NSPredicate: an old API with new surprises

Recently I was working with NSPredicate — an API that’s been around since Mac OS X Tiger was released in 2005 — and a situation that looked fairly basic wasn’t working as I expected.

I’ve been implementing support for Apple Shortcuts in my reading app so users can create automated workflows. I noticed certain property-based article queries using EntityPropertyQuery weren’t returning the expected number of articles. I had fourteen articles saved on the iPad simulator. Four of these articles were written by me. However when I searched for articles where the author was not “Douglas Hill”, there were only two results instead of the expected ten.

It was clear that articles were not being included where the article’s author was not set. In other words, when the author property was nil. (I’ll mix the terms nil and null in this article because these represent the same concept with different names in different software stacks.)

Tracking down the problem

Firstly let’s consider the most basic test:

let maybeString: String? = nil
let condition = maybeString != "test"

The expectation is that condition would be true in this case. If we’d used ==, then the result would clearly be false. However this uses != so we expect the opposite. Good news: this is indeed how it works!

Secondly I ran a quick test in a playground using NSPredicate in a simple situation:

class MyObject: NSObject {
    @objc var author: String?
    init(author: String?) {
        self.author = author

let array = [
    MyObject(author: "Douglas Hill"),
    MyObject(author: "Someone else"),
    MyObject(author: nil),

(array as NSArray).filtered(using: NSPredicate(format: "author != %@", "Douglas Hill"))
// [{NSObject, author "Someone else"}, {NSObject, nil}]

This test showed that filtering for objects where the author was not “Douglas Hill” did include objects where the author was nil. This is the behaviour I’d expect.

At this point I was strongly suspecting this was related to the SQLite store that my Core Data stack is using. I’m sure SQL veterans know the answer already.

Thirdly, I did some debugging with my Core Data store without involving Shortcuts, and saw the same as what I saw with Shortcuts: filtering for an attribute not being equal to some value would not include objects where that attribute was nil.

I enabled -com.apple.CoreData.SQLDebug 3 and this showed that the SQL commands being generated were straightforward. This predicate: author != "Douglas Hill" would add this to the SQL SELECT command:


Where the value of the ? is:

SQLite bind[0] = "Douglas Hill"

I’ve never worked with SQL directly, only with it as an implementation detail (and performance detail) of Core Data. At this point my hypothesis was that this handling of null was just how SQL works.

Sadly, SQL doesn’t seem to be a free and open standard where you can easily read the reference/specification to verify a detail like this. I did some research online and second-hand sources supported my hypothesis. NULL is not considered equal or unequal to anything in SQL, or in other words, comparisons with null are neither true nor false.

This comment by jsumrall on a Stack Overflow question sums it up well:

It should also be noted that because != only evaluates for values, doing something like WHERE MyColumn != 'somevalue' will not return the NULL records.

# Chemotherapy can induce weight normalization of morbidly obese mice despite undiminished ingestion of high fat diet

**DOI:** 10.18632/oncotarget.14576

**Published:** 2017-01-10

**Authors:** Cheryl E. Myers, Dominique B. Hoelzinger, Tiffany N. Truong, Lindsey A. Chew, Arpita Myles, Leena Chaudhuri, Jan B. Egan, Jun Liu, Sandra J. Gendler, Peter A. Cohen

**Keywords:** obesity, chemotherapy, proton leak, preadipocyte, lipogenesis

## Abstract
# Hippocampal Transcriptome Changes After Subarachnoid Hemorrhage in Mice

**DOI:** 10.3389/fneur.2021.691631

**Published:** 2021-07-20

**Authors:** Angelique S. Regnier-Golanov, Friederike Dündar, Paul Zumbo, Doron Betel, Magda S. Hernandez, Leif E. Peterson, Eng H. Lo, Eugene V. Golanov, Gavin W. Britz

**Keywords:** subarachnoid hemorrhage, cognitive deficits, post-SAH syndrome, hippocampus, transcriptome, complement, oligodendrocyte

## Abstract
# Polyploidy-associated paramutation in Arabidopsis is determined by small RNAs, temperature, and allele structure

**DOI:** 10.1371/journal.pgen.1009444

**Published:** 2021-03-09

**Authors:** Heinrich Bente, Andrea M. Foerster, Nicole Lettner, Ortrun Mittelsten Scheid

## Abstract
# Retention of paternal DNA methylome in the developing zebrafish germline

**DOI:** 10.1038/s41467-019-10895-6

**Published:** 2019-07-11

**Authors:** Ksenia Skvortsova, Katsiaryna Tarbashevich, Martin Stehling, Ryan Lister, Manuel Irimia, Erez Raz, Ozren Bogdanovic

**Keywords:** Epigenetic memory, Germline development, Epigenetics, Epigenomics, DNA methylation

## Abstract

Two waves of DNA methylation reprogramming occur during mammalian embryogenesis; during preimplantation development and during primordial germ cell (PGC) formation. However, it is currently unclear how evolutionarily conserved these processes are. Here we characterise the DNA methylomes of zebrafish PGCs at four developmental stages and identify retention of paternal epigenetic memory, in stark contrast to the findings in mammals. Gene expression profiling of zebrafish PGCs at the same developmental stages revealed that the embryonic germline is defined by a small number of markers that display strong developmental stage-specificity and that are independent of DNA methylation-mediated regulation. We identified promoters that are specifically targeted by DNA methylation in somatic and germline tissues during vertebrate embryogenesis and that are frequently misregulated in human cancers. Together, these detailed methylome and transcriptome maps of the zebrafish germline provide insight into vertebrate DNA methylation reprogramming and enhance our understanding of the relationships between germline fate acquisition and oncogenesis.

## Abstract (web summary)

What would a user expect?

From a programmer’s point of view, I wouldn’t say either way to handle null is unequivocally better. However I‘d expect consistency from NSPredicate. The surprising thing to me is that Core Data doesn’t smooth over this behaviour of SQL in order to match how comparisons usually work on Apple’s software stacks.

From a user’s point of view, I think the situation is different. Users won’t be as keenly aware of the concept of null. There is a good chance they think of null and an empty string as being the same. Since my queries will be exposed to users through Shortcuts, I think it’s more expected that filtering for items with a property not equal to some value should include items where that property is null.

Implementing better behaviour

It’s easy to smooth over this quirk ourselves. When setting up a predicate for a Core Data SQLite store with a condition of being not equal to some value. Don’t set up the predicate like this:

NSPredicate(format: "%K != %@", stringKey, nonNilValue)

Instead we also check for equality with nil/null, setting up the predicate like this:

NSPredicate(format: "%K != %@ OR %K == NIL", stringKey, nonNilValue, stringKey)

In practice, here’s what that looks like as a convenience extension on NotEqualToComparator from Apple’s App Intents framework (the Shortcuts API):

private extension NotEqualToComparator<EntityProperty<String?>, String?, NSPredicate> {
    /// Creates a comparator for case- and diacritic-insensitive matching of an optional string property using an NSPredicate for Core Data objects. (My objects are articles.)
    convenience init(keyPath: KeyPath<ArticleEntity, EntityProperty<String?>>) {
        // Maps from Swift key paths to string keys.
        let stringKey = Article.stringKey(from: keyPath)
        self.init() { value in
            if let value {
                return NSPredicate(format: "%K !=[cd] %@ OR %K == NIL", stringKey, value, stringKey)
            } else {
                // Ignore this branch for now since Shortcuts doesn’t have any UI that lets a nil value be passed here. My actual code is slightly different due to an interesting reason, but that’s not the topic of this article.